Father John Whiteford

On June 28 Father John Whiteford published his latest fit of hysteria, entitled The Living Church 2.0. In it he takes shots at Public Orthodoxy, The Wheel, Orthodoxy in Dialogue, the unnamed general editor of The Wheel (whose name everyone knows), Metropolitan Kallistos (Ware), Sister Vassa (Larin), and Dr. Aristotle Papanikolaou. 


My response begins by exposing an outright lie by Father Whiteford when he writes, “The most recent issue of ‘The Wheel,’ a journal whose general editor is a lesbian….”*

Let me tell a story from my own admittedly short-lived priesthood (see my A Priest Forever? Reflections on a Bittersweet Anniversary):

On July 4, 1989, about three weeks before my 34th birthday, I landed with my wife and three small children in the speck-on-the-map town of Assiniboia, Saskatchewan. There I spent the second year of my priesthood in a parish of the Romanian Episcopate (OCA), which had two churches: one in town, beside which we lived; and the other—the original pioneer church—in the unfound-on-any-map Flintoft. The parish’s oral history disagrees on whether the iconostas in the “farm church” came from Mount Athos or Jerusalem. (I was amazed to hear my rough-and-tumble farmer-parishioners even speak of Mount Athos!) Suffice it to say that this iconostas stands out in astonishing contrast from the comic strip style of iconography found in most Canadian prairie churches of that era. From the small window beside the proskomedia table I could gaze from my spot before the altar table upon the graves of the parish’s forefathers and foremothers, a few cows grazing beyond the cemetery, and beyond them the endless prairies of southern Saskatchewan stretching into infinity like an undulating green sea.

I had not been in Assiniboia a month when a woman old enough to be my mother came to me:

Father Peter! Have you heard about Father John MacIntosh in ABC? (Out of respect for him I am not divulging his name or the major Canadian city in which he lived. May his memory be eternal.)

I replied that I knew nothing more about him than his name. The conversation continued:

Well! He’s cheating on his wife!

How do you know this?

Everybody knows it!

I didn’t ask about “everybody.” I asked about you. How do you know this? Have you seen him having sex with a woman who isn’t his wife?


Have you seen him sneaking into a motel room with a woman who isn’t his wife?


Have you seen him sneaking out of a motel room, tucking his shirt in, with a woman who isn’t his wife?


Then you don’t know, do you?

No, I don’t.

And even if you had seen him having sex with another woman, what are you doing talking about someone else’s sins? This is the last I want to hear of this.

That day she became one of my most devoted parishioners. My kids called her Grandma. May her memory be eternal.

Shame on you, Father Whiteford, for lying about our sister. Besides the fact that lies are unseemly coming from any Christian, let alone from a priest, an “argument” that needs to be buttressed by falsehoods and ad hominem attacks has little merit.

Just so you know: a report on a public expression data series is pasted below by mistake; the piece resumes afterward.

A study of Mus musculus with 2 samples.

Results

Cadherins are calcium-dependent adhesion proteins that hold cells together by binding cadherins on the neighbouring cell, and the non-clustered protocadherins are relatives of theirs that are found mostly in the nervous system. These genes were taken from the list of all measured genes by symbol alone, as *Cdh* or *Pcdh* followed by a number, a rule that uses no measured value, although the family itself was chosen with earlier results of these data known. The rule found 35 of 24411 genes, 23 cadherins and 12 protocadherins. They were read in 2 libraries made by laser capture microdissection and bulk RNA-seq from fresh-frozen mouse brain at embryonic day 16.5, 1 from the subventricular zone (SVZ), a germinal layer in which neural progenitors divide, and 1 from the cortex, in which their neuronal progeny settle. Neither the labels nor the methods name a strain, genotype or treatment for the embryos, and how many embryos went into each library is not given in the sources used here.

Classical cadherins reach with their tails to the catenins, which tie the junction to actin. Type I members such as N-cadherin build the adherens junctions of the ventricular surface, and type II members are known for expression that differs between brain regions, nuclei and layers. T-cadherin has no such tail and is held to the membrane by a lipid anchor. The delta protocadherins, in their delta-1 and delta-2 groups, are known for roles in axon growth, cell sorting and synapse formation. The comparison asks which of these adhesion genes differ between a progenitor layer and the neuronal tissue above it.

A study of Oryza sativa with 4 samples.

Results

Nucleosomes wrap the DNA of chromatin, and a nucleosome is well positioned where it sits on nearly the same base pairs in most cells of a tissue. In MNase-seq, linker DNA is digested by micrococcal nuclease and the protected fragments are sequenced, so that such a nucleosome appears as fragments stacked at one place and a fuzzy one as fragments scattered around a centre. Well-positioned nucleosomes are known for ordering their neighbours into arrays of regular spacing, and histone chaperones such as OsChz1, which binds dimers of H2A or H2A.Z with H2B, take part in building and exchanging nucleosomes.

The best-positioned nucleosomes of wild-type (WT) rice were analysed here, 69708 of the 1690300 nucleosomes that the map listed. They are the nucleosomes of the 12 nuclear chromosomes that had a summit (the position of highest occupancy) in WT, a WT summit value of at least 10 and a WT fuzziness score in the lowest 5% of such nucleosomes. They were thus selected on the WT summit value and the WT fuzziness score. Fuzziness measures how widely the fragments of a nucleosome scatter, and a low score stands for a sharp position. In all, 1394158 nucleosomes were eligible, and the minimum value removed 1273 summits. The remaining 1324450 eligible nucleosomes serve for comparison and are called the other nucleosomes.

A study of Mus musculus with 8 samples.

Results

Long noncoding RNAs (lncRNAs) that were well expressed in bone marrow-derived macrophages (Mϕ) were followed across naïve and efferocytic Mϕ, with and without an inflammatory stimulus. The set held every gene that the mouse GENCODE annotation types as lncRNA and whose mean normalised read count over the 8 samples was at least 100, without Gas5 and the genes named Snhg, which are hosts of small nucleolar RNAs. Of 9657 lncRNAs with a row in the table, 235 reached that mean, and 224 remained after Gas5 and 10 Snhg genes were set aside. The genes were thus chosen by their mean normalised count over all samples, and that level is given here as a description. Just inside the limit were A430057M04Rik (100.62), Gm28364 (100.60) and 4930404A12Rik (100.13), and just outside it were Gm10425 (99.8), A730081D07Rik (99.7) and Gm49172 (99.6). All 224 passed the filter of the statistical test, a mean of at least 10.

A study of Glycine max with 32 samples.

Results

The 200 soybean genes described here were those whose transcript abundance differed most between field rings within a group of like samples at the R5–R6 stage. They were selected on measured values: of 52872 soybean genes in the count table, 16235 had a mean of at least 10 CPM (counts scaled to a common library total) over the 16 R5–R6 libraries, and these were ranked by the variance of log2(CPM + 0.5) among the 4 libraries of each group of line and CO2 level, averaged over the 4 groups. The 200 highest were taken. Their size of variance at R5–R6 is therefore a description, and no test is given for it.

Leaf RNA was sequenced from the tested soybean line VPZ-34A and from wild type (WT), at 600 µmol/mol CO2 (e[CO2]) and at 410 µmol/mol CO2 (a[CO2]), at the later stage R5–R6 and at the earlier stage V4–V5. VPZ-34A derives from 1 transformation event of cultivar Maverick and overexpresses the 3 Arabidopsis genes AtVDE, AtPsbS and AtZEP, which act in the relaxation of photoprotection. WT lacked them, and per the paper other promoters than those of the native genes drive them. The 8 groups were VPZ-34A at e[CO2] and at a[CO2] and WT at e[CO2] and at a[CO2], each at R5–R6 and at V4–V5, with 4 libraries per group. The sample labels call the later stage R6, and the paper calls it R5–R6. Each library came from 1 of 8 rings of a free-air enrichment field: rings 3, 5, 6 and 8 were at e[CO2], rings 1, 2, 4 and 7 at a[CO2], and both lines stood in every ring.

Speaking of lies, Father Whiteford, are you aware that Rod Dreher’s unrepented lies about an African-American professor have endangered the man’s life to the point where he needs police protection? Have a look at the addendum at the top of this article. In fact, as the husband in an interracial marriage, you might want to read the whole article. I mention this because your blog post seems to suggest that you admire or at least make common cause with Mr. Dreher. We should choose our bedfellows a little more carefully.


In response to Metropolitan Kallistos’ Foreword in The Wheel you suggest that “his comments are due to the weakness of old age.” Shame on you, Father Whiteford.


Other than that, Father Whiteford, your blog post offers very little beyond scaremongering. To characterize intelligent questions about sexuality and gender—in light of Holy Tradition and our evolving scientific knowledge of these matters (questions with which the widely revered Father Pavel Florensky struggled with a fearless, open mind over a hundred years ago)—to characterize these questions as worse than every previous heresy that comes to mind, assures your readers that you have little of actual substance to offer to the conversation. Indeed it suggests to psychologists that you may be dealing with unresolved, perhaps unacknowledged inner conflicts of your own.

Please attend to yourself before you harm anyone else. You have my unworthy prayers in your struggles.

*Father Whiteford changed his description of The Wheel‘s general editor from “a lesbian” to “openly pro-homosexual” after he read this article and someone wrote to let him know the meaning of the word “libel.” The fact remains that he seems to have no hesitation to broadcast others’ sins such as he imagines them and potentially to ruin reputations in the process. 
See Father Whiteford’s response here.

Giacomo Sanfilippo is a PhD student in Theological Studies at Trinity College in the University of Toronto, an editor at Orthodoxy in Dialogue, and a former priest in the Orthodox Church in America.